At the Turnberry Isle Yacht and Racquet Club condominium complex, residents expect exceptional, responsive service from developer Jeffrey Soffer. But in a recently filed lawsuit, the Turnberry Isle Condominium Association accuses Soffer affiliate YCM Acquisitions LLC of being derelict in its duty to maintain the North Tower’s lobby and the parking garage’s ground floor.
Jeffrey Soffer and Turnberry Isle Yacht and Racquet Club
Brett Mufson, president of Fontainebleau Development, Soffer’s main company, said the association’s allegations are completely incorrect and frivolous. “We always had a reputation for operating first class properties,” Mufson said. “And we will continue to respond accordingly.”
The lawsuit alleges
that the lobby has multiple active water leaks “literally
dripping down the walls” that are damaging a wall that
separates the North Tower from an abutting property known as
the Monaco building. The association also claims that the
Monaco building is in a derelict condition and is infested
“YCM has also failed to satisfy its express obligation to refurbish (i.e., renovate and redecorate) the lobby with furniture and accessories pursuant to the declaration and the lobby agreement, and its obligation to operate the sundry shop for the benefit of the North Tower residents,” the complaint states. “The condition of the [North Tower lobby and garage ground floor] and the Monaco building are unsuitable for a first-class, luxury residential community.”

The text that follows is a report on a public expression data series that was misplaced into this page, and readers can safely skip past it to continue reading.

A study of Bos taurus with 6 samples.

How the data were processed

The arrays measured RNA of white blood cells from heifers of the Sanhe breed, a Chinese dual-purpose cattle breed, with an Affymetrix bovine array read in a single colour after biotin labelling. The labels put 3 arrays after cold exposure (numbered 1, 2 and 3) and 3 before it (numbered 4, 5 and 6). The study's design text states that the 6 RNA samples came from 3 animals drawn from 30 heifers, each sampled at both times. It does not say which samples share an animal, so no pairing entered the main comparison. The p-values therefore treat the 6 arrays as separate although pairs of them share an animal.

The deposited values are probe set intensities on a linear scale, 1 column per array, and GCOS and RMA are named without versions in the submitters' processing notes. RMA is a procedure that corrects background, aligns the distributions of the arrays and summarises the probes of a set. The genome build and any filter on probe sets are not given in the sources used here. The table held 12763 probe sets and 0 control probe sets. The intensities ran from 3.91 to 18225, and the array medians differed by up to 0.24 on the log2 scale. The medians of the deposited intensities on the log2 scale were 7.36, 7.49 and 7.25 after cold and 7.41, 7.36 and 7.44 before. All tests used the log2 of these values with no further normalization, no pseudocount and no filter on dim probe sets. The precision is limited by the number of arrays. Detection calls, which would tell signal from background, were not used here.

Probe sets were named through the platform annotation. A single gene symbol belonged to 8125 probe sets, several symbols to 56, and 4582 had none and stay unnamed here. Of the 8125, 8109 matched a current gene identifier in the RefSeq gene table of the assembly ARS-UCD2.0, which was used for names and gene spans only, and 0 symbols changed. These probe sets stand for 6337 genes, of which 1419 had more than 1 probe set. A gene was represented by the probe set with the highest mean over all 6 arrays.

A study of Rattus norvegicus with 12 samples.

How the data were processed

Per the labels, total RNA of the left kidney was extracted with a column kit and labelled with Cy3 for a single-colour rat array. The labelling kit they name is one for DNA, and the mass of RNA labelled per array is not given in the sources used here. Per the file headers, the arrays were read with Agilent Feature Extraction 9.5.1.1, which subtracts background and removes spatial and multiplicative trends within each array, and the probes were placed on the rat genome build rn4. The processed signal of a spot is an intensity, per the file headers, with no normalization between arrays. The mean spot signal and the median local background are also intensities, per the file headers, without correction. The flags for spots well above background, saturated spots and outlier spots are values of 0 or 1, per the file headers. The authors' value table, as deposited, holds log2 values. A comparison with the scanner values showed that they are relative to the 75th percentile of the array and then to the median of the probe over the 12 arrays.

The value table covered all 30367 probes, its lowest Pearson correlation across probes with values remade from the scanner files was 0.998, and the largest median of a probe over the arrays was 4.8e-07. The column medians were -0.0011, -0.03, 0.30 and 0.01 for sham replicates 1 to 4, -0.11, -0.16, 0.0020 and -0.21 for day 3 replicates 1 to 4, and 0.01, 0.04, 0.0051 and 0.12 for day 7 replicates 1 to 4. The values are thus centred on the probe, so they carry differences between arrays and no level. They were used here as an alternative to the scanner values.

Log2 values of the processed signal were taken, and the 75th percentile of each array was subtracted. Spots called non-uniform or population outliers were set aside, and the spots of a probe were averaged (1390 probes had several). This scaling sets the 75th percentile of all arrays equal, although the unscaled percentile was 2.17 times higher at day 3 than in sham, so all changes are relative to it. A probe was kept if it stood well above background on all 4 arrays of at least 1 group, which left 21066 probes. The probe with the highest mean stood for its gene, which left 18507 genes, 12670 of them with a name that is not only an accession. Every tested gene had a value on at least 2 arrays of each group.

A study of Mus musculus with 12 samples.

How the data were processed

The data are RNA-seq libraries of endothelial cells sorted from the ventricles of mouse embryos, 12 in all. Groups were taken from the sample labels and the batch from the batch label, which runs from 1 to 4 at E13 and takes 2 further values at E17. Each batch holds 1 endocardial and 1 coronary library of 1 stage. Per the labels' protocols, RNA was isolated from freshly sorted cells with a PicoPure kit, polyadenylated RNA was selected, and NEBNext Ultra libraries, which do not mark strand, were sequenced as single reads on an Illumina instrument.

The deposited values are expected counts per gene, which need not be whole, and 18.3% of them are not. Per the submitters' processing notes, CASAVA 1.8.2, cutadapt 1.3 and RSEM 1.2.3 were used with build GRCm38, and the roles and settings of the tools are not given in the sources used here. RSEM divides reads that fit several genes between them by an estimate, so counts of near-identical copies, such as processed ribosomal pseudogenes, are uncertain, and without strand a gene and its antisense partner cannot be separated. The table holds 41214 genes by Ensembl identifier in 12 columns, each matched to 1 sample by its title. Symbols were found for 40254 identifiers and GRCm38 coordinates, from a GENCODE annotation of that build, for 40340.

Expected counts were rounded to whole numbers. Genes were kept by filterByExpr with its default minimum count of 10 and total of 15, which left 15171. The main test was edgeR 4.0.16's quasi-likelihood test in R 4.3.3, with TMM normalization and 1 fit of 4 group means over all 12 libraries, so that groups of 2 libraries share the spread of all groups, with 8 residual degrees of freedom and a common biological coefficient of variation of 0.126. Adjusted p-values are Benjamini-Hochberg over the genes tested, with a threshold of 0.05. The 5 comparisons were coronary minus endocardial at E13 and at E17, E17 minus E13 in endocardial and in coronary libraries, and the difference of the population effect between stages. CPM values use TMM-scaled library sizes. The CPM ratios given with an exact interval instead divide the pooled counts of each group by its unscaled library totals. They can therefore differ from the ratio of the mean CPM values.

The association claims the lack of repairs potentially poses serious health and safety hazards to the North Tower residents, prevents the residents’ full use and enjoyment of their properties, and severely lowers the North Tower property and rental values. In addition to taking control of the lobby and ground floor, the association is also seeking to compel YCM to repair and renovate the common areas and pay damages caused by the Soffer affiliate’s alleged breach of its obligations.
The lawsuit comes four months after the British private equity and investment firm Reuben Brothers acquired a 25 percent stake in Soffer’s JW Marriott Miami Turnberry Resort & Spa and is partnering with his company, Fontainebleau Development on other investments. That resort went through a $300 million renovation, adding 325 new rooms in a 16-story tower, bringing its total to 685 rooms and suites. Other upgrades include added event space, a refurbished 36-hole golf course; and the construction of Tidal Cove Waterpark.